It took me several months, but I finally secured a position a few months ago. In my experience, these jobs were extremely competitive, and I had to apply to so many before actually getting one. I relocated for the position and am getting paid a good amount. I think I had more success getting grad school interviews than I did getting research position interviews. The competitiveness and availability of these jobs probably depends a lot on what area of psych you're in as some research areas are going to have a higher need for a paid research assistant/lab manager than others. I found that many postings were looking for people with coding/programming experience, so that skill will also have some bearing on the amount of jobs available to you.
While I'm in Social Psych (so my experience might be somewhat different from yours), here are some of my tips for getting a research job.
1. Don't delay. If an application doesn't have a due date, it's better to get an application in asap. I missed out on a number of good jobs by waiting too long to apply. And even if an application has a due date, the job posting could still get taken down early if the researchers find an applicant they're happy with.
2. Emphasize different skills than you might in a grad school application. For grad school applications, you're usually trying to convince the faculty that you're a brilliant, creative mind when it comes to research and that you're capable of coming up with your own ideas and lines of research. Some of this is still important to emphasize, but a big part of many research jobs is more administrative tasks. I wouldn't always talk too much about administrative skills/experiences like scheduling meetings, keeping organized, administering studies, and writing in my grad school applications, but I think these skills are more relevant for these positions. Many times, these positions are created for an already existing research project. Usually, they need more help executing on their research plan than they need help developing new research.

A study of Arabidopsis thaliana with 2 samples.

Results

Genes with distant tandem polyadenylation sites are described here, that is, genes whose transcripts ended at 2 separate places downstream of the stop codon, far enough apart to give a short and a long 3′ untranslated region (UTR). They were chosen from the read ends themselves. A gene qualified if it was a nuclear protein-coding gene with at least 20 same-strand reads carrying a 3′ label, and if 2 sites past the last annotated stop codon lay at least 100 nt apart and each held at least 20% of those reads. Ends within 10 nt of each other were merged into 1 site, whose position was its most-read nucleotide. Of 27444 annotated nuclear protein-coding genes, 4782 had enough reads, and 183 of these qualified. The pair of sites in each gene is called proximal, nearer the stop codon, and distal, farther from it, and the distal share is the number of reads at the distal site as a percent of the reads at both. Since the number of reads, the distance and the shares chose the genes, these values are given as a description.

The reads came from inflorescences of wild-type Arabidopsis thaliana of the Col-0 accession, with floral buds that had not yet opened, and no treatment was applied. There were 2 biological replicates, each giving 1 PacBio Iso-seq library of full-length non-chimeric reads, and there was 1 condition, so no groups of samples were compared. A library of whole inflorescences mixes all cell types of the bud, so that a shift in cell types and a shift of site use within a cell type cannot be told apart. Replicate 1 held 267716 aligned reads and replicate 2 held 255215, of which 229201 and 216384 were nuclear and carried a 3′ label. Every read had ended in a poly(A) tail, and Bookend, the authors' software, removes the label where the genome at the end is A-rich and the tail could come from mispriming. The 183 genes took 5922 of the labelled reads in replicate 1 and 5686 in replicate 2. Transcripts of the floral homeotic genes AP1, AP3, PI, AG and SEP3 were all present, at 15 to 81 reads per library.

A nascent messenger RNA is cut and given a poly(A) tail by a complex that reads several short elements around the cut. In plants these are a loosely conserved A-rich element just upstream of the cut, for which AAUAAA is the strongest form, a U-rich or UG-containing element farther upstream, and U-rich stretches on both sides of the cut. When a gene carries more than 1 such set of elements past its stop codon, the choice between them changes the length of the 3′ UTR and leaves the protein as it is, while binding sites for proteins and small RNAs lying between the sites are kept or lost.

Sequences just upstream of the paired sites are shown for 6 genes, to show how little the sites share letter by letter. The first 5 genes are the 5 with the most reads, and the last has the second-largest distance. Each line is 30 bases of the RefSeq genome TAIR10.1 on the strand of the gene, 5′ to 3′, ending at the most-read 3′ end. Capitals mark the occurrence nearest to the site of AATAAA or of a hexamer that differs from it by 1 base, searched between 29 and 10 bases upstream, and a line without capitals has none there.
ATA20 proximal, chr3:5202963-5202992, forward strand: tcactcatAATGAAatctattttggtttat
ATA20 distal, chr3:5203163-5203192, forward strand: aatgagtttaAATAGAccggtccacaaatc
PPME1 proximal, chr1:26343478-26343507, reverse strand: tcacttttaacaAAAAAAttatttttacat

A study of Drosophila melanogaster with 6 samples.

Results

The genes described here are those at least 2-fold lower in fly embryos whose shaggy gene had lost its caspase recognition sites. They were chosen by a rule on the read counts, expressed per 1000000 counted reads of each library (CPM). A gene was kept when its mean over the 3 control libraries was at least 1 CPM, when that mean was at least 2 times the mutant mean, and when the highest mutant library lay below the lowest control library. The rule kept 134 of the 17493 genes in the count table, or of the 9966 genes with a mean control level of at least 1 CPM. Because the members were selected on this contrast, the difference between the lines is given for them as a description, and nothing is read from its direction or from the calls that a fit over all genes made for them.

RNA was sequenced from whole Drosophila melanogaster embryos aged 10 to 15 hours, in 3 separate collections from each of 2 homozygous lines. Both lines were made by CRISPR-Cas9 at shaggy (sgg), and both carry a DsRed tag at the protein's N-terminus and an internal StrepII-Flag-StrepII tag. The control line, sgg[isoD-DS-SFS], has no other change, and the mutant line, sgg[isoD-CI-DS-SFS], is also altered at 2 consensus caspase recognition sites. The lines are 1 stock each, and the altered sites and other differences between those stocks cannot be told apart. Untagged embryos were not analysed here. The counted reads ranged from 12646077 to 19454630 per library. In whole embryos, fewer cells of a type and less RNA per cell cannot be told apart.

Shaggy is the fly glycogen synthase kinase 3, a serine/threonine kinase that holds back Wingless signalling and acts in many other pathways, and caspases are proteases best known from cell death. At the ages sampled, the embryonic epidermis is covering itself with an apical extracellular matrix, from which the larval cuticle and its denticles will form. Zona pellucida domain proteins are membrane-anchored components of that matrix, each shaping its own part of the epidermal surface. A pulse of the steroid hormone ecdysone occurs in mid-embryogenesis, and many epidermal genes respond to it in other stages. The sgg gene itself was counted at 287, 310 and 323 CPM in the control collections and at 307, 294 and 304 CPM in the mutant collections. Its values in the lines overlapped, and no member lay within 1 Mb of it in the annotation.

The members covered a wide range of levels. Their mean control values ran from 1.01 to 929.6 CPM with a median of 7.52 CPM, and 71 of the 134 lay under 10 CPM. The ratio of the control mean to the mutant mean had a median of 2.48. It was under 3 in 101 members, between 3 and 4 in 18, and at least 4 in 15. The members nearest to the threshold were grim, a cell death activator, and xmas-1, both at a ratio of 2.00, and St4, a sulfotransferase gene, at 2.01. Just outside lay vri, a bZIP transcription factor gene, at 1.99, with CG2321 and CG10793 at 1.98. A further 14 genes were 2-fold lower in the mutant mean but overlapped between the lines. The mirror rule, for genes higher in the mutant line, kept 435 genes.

3. Tailor your cover letter to each individual application. You probably won't find many jobs dealing with your exact research interests, but usually it's possible to make at least a few connections between your interests/experiences and the advertised project. Are you both interested in the same target group? Have you used research methods that are relevant to this study? Do you see the work that they're doing as having important implications? Having a personalized cover letter with stuff like this shows the people hiring that you're interested enough in their project and helps your application be less forgettable. Also, based on the job description, some skills that you usually wouldn't mention might be important to highlight (e.g., if the job requires a lot of writing then I would highlight my writing experiences). I think this is the main reason I got my current job. While I was very unfamiliar with the methods used by my bosses, they could tell I was passionate about the population they were interested in.